Florida Regulators Question State Farm’s 57% Rate Hike for Landlords

By | July 26, 2012

Florida regulators are expressing concern over a State Farm Florida proposed statewide average 57.3 percent rate hike in insurance rates for landlords that will result in higher premiums while the insurer continues not to write new business.

At a public hearing in Tallahassee, State Farm Florida officials defended the rate increase on rental dwelling rates that could result in a $600 increase for landlords who are currently paying $1,000 in premiums.

“We have concerns how the rate change will affect our policyholders,” said State Farm Florida Actuary Sara Frankowiak. “But it is important we get the rates where they need to be but we are not there yet.”

The 57.3 percent rate hike is part of State Farm Florida’s overall plans to raise its rates by 14.9 percent. That number includes a 27.3 percent increase for condominium owners, a 48 percent rate hike for renters, and a 14.2 percent increase for homeowners. Those increases will be considered in future filings.

In documents filed with the state, the Winter Haven, Fla.-based insurer said its financial position has deteriorated over the last several years. Its surplus has dropped from $822 million at the end of 2007 to $368 million in 2011.

Additionally, following the 2004 hurricane season, the insurer’s parent company, State Farm Mutual, had to loan the company $750 million, which State Farm Florida has yet to pay back.

State Farm Florida, however, still insures nearly a half million policyholders, making it the second largest insurer in the state behind Citizens Property Insurance Corp.

However, the insurer dropped 125,000 policyholders in 2010 and another 10,000 in January and regulators said they fear that the proposed increase will likely lead to a further reduction in policies.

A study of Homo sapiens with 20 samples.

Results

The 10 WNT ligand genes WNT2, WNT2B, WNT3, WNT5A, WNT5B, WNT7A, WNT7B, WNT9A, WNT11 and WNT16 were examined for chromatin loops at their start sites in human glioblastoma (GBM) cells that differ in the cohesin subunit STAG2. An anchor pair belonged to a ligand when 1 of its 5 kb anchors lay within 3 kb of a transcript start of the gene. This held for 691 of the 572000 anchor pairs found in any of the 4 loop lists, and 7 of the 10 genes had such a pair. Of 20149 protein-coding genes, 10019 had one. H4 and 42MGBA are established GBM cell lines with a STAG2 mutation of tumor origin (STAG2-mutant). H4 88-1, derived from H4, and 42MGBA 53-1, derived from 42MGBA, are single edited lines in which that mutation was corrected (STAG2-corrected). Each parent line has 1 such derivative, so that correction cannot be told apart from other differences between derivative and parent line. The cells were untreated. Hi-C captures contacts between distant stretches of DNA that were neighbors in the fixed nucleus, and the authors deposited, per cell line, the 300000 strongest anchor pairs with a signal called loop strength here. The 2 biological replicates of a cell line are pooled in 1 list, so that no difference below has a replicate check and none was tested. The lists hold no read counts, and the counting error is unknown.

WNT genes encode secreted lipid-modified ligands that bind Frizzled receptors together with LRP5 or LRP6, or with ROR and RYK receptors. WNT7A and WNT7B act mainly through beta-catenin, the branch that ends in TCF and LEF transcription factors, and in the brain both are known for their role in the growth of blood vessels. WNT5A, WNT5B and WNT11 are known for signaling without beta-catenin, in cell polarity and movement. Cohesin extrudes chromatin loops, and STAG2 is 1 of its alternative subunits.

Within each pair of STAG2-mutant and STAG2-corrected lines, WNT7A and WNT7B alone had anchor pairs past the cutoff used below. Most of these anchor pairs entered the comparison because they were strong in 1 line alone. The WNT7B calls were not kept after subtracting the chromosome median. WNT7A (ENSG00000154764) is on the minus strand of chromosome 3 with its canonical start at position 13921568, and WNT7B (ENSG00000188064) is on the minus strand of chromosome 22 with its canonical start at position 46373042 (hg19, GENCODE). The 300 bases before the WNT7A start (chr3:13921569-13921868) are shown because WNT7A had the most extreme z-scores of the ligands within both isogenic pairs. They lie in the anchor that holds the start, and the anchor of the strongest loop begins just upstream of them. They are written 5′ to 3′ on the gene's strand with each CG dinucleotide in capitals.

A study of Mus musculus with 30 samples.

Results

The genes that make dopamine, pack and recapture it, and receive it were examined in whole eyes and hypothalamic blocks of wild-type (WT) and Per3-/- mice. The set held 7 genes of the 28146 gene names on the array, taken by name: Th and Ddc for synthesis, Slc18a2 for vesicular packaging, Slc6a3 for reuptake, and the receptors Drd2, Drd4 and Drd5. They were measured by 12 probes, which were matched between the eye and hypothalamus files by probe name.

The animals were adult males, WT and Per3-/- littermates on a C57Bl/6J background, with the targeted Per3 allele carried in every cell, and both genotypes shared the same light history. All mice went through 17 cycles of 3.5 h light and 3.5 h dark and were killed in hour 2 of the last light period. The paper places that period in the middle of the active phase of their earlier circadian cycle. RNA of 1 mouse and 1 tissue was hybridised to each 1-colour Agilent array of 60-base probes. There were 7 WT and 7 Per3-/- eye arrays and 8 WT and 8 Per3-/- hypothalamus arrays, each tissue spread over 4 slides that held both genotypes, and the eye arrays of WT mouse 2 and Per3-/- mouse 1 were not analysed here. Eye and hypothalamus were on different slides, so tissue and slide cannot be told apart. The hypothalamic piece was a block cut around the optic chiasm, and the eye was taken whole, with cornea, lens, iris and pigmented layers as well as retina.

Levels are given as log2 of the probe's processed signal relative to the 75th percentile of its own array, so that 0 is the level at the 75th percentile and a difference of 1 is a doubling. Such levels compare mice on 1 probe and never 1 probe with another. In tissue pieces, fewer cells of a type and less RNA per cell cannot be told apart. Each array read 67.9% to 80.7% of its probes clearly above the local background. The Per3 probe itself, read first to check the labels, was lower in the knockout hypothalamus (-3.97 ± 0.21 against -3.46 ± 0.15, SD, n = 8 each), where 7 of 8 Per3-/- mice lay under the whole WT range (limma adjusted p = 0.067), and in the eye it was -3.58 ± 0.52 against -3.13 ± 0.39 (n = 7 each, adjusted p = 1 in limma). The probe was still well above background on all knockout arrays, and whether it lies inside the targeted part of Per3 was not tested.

“If you want to get out of Miami-Dade, Broward, and Monroe counties, you are doing the right thing,” said Office of Insurance General Counsel Belinda Miller. Miller said that the four properties that State Farm insures in the Florida Keys would see their premiums jump nearly $10,000 under the proposal.

One part of the rate filing that drew regulator’s attention is State Farm’s proposed 16 percent profit and contingency factor.

Frankowiak said that the actual figure would be reduced to 13.7 percent due to its reinsurance expenses, partly due to the fact that the insurer retains $175 million in exposure.

She also said that the insurer’s direct underwriting profit would drop to 8.5 percent since it has to pay 7 percent interest in interest on a $750 million loan. The insurer projects it will owe its Bloomington, Ill.-based parent State Farm Mutual more than $100 million in interest and premium payments this year.

Florida Consumer Advocate General Counsel Brian Deffenbaugh, however, expressed concern over the size of the profit and contingency factor, especially given that the insurer is still shedding policies and will not use the monies to write new business.

“We are concerned that State Farm has given no indication that if they are given this rate increase they will write new business,” said Deffenbaugh.

Regulators also questioned the 10.8 commission that the insurer compensates agents.

Frankowiak said the increase is justified given the complexity of the market in the state and the amount of work agents have to do. She also said that agents are making less money since the insurer has dropped policies.

“As premiums sink, agents’ commissions are sinking as well,” she said.

Reginald Garcia, who owns several rental properties and was representing the Florida Justice Association, chided regulators for not holding public rate hearings around the state given the magnitude of the potential impact on policyholders.

“These are major public policy decisions that could affect a half-million people and there are nine people in the room,” said Garcia. “Where is the Tampa hearing? Where is the one in Central Florida?”

Miller defended the choice of Tallahassee to hold public hearings, saying that the office has held hearings around the state in the past, but they were not well attended.

Further she said, the public may offer views on the filings through email, phone calls and sending letters. But more than that she said, the issues at stake in the filing were well known to regulators.

“We already know these issues and the issues we know about have been litigated before,” said Miller.